Long-term strategy that works.

Choosing business partners and affiliates can make or break your business. The dynamic of the pharmaceutical and biotechnology industries are changing. With the biotech revolution looming, large pharmaceutical companies are re-evaluating how they handle research and development. No longer do large companies rely on their own in-house R&D, but look to small companies to acquire new technologies. For tiny biotech firms, forming partnerships is everything. Knowing how to attract strategic partners that can help move you to the next level is a must.

Building relationships with established companies

The founders and the start-up reputation, in the early stages are almost synonymous. How the personality and credibility of the principle founders are perceived is paramount to the success of the start-up. Reputation has to do with the previous actions of the founders, where status has to do with the ranking, in published articles, university affiliations and corporate alliances. Results in clinical research should also paly a role, but it is difficult to get to that point without reputation and status requirements being met.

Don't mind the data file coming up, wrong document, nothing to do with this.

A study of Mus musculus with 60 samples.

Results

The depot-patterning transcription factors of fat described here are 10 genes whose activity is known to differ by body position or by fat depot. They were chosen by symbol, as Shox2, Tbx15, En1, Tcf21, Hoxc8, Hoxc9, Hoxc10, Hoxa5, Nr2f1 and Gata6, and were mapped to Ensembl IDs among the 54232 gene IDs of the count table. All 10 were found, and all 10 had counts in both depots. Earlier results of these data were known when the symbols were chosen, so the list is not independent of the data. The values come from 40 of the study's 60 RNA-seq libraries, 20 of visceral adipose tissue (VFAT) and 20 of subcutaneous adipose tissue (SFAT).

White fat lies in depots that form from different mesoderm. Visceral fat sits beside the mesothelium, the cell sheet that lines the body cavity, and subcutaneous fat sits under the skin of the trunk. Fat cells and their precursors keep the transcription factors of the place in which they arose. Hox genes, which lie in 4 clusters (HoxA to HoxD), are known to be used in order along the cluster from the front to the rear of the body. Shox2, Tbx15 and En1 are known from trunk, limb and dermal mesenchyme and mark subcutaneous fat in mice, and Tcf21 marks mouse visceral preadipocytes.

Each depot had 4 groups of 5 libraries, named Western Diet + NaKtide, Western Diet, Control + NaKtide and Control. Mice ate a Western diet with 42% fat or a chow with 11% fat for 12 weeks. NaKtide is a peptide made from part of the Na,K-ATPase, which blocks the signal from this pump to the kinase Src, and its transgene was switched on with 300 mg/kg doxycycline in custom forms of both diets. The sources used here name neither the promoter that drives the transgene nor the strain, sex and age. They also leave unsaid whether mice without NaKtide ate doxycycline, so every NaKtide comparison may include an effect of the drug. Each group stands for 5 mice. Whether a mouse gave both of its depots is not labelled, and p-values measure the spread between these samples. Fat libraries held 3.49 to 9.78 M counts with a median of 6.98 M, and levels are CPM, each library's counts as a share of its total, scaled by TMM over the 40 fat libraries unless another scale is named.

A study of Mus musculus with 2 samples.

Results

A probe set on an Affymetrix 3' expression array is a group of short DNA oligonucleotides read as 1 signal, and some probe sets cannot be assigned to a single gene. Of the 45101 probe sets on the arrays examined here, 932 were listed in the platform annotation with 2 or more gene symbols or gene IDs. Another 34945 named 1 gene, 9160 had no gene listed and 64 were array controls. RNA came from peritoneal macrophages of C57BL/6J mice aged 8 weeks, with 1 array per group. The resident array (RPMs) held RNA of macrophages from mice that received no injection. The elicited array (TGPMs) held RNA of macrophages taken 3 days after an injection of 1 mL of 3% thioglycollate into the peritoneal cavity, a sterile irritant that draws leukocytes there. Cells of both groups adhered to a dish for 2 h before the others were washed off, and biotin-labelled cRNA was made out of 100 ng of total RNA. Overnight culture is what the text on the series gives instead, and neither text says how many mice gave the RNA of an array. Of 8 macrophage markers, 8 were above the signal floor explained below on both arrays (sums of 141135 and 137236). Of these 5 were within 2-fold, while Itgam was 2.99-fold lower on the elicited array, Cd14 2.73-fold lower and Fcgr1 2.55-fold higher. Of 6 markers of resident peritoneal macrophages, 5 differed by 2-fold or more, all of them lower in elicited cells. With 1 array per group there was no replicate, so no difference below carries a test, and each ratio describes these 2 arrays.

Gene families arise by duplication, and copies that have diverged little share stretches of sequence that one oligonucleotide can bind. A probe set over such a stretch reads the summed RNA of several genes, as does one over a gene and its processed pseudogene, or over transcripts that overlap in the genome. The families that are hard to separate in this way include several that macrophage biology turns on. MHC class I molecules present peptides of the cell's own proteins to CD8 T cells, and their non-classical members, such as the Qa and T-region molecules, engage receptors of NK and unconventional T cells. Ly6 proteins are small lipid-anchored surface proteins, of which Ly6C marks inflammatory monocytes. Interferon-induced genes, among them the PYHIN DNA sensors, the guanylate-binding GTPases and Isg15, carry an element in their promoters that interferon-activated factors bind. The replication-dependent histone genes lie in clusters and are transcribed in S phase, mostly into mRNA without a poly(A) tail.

The greater a founding scientist’s reputation, the more likely a valuable partnership will be established and the more successful the company will be.

“Reputation,” they write in the paper, “is determined by the value or quality of one’s previous actions, while status is determined according to a socially constructed ordering or ranking.” So the researchers looked at 325 partnerships created between 1990 and 2003, hoping to tease apart the respective roles of status and reputation. For their study, the researchers equated status with the academic ranking of the university from which a firm’s founder or top scientist graduated, and reputation with his or her publication counts and citation rates.”